Skuomorphism - A Simple Button Example

Without clicking, can you tell which of the buttons below are selected?



Summary Date Weight Cost



click or tap here to see a skuomorphic solution to the problem

Can you tell which button, or buttons, are selected now?

The UX Problem

When I encountered the button set in the first example, I was unable to determine with 100% certainty if any of the buttons were selected, or if they were just different, or if multiple selections had been made by default.

Getting the Data - The User Test

I conducted a very quick series of five "hallway" usability tests, asking the test participants if they could identify which, if any, of the first set of buttons was selected. (They were not shown the second set of buttons yet.)

One or two of them were able to make correct guesses, but they all admitted that they could not be certain which, if any, were selected buttons, unless they were able to make a series of clicks to try the buttons. Some of the participants thought that it might be possible that multiple selections might be possible, and that "Summary" and "Weight" and "Cost" were all preselected, and that the "Date" button was deselected.

When I asked the test participants the same question about the second set of buttons (they were on separate screens for my test) every one of them was able to correctly identify that the "Date" button was the selected one.

When I asked, in both cases, what did they think would happen if they clicked one of the buttons?

In the first test, using the flat green and black buttons, the answers were quite variable. However, in the second test, there were only two answers: two of the participants guessed without having more information made available to them, that pressing on any other button than the "Date" button might result in more than one button being selected, OR the result could be similar to radio buttons, where selecting one button results in the others being deselected.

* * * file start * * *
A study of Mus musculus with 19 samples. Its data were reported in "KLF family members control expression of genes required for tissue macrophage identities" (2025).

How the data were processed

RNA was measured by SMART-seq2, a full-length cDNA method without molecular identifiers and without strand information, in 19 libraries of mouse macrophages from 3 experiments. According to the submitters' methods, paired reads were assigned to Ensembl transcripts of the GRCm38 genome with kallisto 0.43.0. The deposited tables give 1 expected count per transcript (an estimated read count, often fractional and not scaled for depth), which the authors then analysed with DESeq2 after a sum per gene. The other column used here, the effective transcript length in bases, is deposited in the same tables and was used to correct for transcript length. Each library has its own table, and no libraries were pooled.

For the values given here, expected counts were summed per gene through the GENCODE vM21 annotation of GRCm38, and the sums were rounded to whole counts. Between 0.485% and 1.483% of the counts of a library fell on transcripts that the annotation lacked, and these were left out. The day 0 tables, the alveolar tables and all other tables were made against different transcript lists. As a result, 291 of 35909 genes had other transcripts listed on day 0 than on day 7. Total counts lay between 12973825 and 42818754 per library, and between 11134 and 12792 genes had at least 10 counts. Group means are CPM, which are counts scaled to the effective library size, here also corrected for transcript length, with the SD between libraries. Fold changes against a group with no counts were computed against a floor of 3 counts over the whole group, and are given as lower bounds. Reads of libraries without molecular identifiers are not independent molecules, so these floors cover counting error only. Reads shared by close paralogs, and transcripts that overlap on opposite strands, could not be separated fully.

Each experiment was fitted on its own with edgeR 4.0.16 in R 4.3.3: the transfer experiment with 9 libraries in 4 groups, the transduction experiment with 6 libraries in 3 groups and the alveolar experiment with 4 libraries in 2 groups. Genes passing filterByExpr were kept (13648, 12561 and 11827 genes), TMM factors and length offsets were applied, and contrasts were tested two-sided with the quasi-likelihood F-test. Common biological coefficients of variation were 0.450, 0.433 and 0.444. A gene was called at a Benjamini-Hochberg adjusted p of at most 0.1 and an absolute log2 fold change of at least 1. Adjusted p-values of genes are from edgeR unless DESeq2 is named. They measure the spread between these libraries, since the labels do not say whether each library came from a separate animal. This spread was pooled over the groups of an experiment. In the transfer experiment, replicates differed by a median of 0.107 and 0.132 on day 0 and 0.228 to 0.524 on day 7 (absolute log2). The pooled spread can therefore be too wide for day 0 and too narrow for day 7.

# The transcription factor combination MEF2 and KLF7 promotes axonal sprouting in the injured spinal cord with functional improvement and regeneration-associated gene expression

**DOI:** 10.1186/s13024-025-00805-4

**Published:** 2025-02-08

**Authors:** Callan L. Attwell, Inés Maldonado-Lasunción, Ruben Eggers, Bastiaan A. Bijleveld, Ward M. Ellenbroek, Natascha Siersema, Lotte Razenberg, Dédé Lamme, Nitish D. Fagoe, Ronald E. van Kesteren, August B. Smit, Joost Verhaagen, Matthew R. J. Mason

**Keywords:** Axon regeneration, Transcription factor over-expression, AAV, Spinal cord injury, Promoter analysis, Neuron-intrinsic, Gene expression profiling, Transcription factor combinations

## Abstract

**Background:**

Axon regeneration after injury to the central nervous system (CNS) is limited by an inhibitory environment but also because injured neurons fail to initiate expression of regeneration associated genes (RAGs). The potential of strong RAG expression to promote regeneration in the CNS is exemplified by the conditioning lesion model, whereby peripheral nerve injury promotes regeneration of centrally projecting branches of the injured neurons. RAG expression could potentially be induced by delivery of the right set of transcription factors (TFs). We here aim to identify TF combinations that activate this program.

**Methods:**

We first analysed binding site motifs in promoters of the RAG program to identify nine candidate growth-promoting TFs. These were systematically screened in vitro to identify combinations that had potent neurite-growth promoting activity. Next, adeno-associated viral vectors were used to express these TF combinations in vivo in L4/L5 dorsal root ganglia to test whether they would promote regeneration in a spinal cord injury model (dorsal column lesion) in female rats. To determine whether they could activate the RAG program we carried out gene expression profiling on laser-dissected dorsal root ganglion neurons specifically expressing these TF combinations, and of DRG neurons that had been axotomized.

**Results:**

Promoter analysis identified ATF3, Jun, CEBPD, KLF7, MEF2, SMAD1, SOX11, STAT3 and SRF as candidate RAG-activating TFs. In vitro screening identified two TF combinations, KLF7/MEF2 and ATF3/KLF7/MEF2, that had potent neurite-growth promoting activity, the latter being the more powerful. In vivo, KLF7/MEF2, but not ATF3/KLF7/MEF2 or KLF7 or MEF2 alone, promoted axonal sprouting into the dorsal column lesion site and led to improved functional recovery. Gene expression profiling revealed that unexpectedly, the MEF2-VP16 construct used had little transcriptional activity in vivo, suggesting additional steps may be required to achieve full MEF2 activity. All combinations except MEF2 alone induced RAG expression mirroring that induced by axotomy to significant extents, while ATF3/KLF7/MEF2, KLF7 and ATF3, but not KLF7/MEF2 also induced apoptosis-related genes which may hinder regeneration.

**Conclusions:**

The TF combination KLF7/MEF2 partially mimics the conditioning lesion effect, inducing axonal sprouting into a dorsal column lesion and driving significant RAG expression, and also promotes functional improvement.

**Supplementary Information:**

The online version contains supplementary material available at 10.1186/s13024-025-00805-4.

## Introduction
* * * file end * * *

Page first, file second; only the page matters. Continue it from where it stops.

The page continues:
The other three participants said they thought that selecting a button other than the "Date" button would deselect the "Date" button - again, as is the case with radio buttons. However, all five participants were able to determine that the "Date" button was selected.

Conclusion

One good way to enhance affordance is to mimic the physical realm. This is known as "skuomorphism."

This is why, if you need to remove ambiguity as to which button is selected (or preselected), making them imitate the actions of actual physical buttons (such as those found on a piece of electronic equipment) may be a good method.